There is always someone watching you, so shouldn't you be watching too?

Once the domain of companies like Panasonic, newer names like Dropcam have made security webcams easier to install and – as a result they are becoming increasingly commonplace. A new crop of models promises more features, with sirens, moisture sensors, and even air quality alerts. I've been testing several models for months and found three of the best cameras for checking on the kids, pets, or to simply making sure things are secure at home when you're away.

Withings Home, $200

Withings has a line of smart devices, ranging from watches and fitness devices to blood pressure monitors and connected bathroom scales. The company's Home security camera is another Internet of Things device designed to boost your home’s IQ.

With its white tubular design, faux wood veneer, and magnetic stand, it looks more like an appliance than a camera, yet it has most of the features available in more nerdy-looking competitors. It includes 1080p video, night vision, two-way audio and Wi-Fi. It can be set to alert you if there's motion, noise, or a change in air quality and it works with iOS and Android devices.


The Withings Home's air quality sensors will not alert you to the most dangerous airborne threat, carbon monoxide -- none of the models here can do that. What it does do, according to the company, is measure in parts per million volatile organic compounds (VOCs), the noxious vapors that can be released, or “off-gas” from plastics and paint, causing headaches, and, potentially, cancer. I never recorded any air issues, but I did find the feature reassuring.

The Home camera will keep 2 days of alerts and time-lapse recordings for free. If you want more, there's a monthly $7.95 subscription that gives you a week of recordings; for a month of coverage, it's $19.95.

Canary, $199

Like the proverbial bird in the coal mine, the Canary camera is intended to be an early warning system.

The Canary has an HD 1080p camera with good night vision, plus a reliable motion sensor to trigger recordings and ambient sensors for temperature, humidity, and air quality. There are even accelerometers should an earthquake ensue. Tying it all together, the Canary uses built-in Wi-Fi and a slick app that runs on Android and iOS devices.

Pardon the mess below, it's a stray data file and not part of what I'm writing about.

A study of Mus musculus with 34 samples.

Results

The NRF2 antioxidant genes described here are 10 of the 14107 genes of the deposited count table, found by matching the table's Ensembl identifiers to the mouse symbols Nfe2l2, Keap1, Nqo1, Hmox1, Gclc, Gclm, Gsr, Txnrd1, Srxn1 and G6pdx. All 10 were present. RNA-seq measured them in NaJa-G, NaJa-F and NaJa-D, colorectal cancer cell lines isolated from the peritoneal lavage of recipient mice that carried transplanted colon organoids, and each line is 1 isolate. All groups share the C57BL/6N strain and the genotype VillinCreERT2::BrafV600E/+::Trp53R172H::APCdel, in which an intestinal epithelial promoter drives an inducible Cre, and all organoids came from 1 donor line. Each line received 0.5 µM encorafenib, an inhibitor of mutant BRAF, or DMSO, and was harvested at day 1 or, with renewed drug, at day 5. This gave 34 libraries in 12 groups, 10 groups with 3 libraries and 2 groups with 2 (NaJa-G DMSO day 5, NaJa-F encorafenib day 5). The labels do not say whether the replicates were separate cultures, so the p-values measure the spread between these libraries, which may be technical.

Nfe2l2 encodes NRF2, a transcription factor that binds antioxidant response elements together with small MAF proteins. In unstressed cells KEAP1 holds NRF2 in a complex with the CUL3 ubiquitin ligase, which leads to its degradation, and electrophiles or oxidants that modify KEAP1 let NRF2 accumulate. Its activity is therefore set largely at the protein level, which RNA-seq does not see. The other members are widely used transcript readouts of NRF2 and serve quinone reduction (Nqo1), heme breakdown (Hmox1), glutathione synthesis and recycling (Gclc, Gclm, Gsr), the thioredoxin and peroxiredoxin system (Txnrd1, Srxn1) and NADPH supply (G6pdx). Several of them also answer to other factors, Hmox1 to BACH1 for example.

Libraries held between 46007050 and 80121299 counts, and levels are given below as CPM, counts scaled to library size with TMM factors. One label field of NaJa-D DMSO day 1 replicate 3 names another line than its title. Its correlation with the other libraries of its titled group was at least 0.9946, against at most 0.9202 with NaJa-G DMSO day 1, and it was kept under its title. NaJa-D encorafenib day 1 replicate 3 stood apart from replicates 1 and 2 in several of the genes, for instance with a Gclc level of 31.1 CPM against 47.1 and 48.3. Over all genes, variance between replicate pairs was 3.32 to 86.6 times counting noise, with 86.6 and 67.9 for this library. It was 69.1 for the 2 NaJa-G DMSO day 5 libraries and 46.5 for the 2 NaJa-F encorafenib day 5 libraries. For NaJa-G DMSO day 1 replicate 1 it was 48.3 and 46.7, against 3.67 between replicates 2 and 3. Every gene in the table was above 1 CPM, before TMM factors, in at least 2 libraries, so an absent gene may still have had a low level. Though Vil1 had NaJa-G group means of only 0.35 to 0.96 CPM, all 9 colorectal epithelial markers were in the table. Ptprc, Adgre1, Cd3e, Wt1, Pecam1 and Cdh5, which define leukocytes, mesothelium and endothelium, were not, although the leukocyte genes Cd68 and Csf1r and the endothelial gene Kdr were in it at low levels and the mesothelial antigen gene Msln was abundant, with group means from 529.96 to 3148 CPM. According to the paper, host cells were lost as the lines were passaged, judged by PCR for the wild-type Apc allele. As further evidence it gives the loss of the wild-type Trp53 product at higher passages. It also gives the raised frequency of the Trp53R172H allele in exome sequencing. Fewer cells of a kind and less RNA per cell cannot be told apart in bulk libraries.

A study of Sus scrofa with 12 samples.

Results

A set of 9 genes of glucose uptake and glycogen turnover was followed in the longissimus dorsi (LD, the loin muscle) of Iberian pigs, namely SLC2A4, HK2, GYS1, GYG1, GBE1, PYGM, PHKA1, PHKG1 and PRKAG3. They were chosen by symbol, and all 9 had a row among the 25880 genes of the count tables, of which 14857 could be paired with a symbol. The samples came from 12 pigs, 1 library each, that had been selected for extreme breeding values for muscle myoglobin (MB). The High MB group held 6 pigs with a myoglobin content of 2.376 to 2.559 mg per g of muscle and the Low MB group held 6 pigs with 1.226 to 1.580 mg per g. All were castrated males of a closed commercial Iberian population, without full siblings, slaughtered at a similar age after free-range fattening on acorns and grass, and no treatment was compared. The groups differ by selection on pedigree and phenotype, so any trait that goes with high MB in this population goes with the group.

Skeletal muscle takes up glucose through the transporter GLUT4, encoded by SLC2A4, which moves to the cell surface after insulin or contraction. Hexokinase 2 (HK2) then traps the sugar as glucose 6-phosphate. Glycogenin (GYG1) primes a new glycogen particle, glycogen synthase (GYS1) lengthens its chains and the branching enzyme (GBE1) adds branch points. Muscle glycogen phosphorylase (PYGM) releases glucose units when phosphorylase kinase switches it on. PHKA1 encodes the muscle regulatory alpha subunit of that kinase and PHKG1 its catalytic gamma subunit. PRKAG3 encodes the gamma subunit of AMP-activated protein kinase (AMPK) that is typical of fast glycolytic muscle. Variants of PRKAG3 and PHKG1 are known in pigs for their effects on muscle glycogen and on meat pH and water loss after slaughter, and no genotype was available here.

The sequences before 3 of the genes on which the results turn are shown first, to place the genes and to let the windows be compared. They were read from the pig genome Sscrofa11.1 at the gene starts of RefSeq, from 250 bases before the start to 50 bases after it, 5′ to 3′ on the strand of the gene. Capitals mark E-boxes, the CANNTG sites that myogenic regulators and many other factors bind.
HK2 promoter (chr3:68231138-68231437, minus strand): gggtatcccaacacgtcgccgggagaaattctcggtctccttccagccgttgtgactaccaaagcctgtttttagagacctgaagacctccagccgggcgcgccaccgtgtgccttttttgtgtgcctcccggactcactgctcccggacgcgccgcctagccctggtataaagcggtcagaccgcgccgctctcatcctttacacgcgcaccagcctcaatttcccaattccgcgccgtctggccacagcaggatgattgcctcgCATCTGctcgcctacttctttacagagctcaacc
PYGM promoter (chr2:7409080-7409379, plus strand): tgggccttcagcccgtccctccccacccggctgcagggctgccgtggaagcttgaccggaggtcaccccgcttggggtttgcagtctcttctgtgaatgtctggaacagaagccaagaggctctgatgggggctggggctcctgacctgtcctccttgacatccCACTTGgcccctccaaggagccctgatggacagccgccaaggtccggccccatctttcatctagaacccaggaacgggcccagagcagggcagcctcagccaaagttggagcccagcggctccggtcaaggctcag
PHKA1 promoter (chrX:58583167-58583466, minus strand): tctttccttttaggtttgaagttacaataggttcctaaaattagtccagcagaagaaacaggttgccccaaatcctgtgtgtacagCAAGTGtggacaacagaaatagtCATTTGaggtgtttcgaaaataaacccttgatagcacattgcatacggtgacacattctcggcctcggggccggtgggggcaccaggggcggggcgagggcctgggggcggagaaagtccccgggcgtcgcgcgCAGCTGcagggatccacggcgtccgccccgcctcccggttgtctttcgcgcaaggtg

The main attraction of Canary is its excellent picture quality compared to other webcams. Color fidelity and image detail is more than sufficient to identify a person entering a room, and video playback is smooth with good sound. You can watch a live stream from your phone and sound a siren to scare intruders away (or make Fido jump off the couch). The system can also be set to automatically arm itself whenever you leave the house, and it can be adjusted to recognize other family members so that it only switches on when everyone is away.


Piper NV, $279

The NV in Piper NV stands for night vision, a feature lacking in the first Piper model. The latest model is more flexible, with excellent networking abilities and a wide 180-degree view that can spy on an entire room.

The Piper NV delivers crisp 1080p video and offers many of the same features and alerts as the models above. It monitors indoor and outdoor temperature and humidity and can let you know about local weather alerts. Piper conveys temperature, noise, motion, and humidity trends in colorful graphs. So I could see, for example, that no one had been in my garage while the temperature had been trending steadily up in the last two days. Its fish-eye view covered the entire area and it was one of the few cameras I've tested over the years that could connect to my Wi-Fi network from what has proven to be a troublesome location.

Rounding out its features, the Piper NV includes AA back-up batteries in case someone decides to cut the cord. You can also adjust its video data rate, which means that in a home with a flaky Internet connection you can throttle it back so that it doesn't take up too much bandwidth on your network. In addition, the Piper NV acts as its own Z-Wave hub so that it can control additional wireless smart home devices. Piper sells several such accessories, including a door sensor and water sensor for $40 each. It's not an extensive array of offerings, but it's a start.

Piper will store up to 1,000 video clips online for you, and then automatically begin overwriting older recordings. Best of all, the service is free.

John R. Quain is a personal tech columnist for FoxNews.com. Follow him on Twitter @jqontech or find more tech coverage at J-Q.com.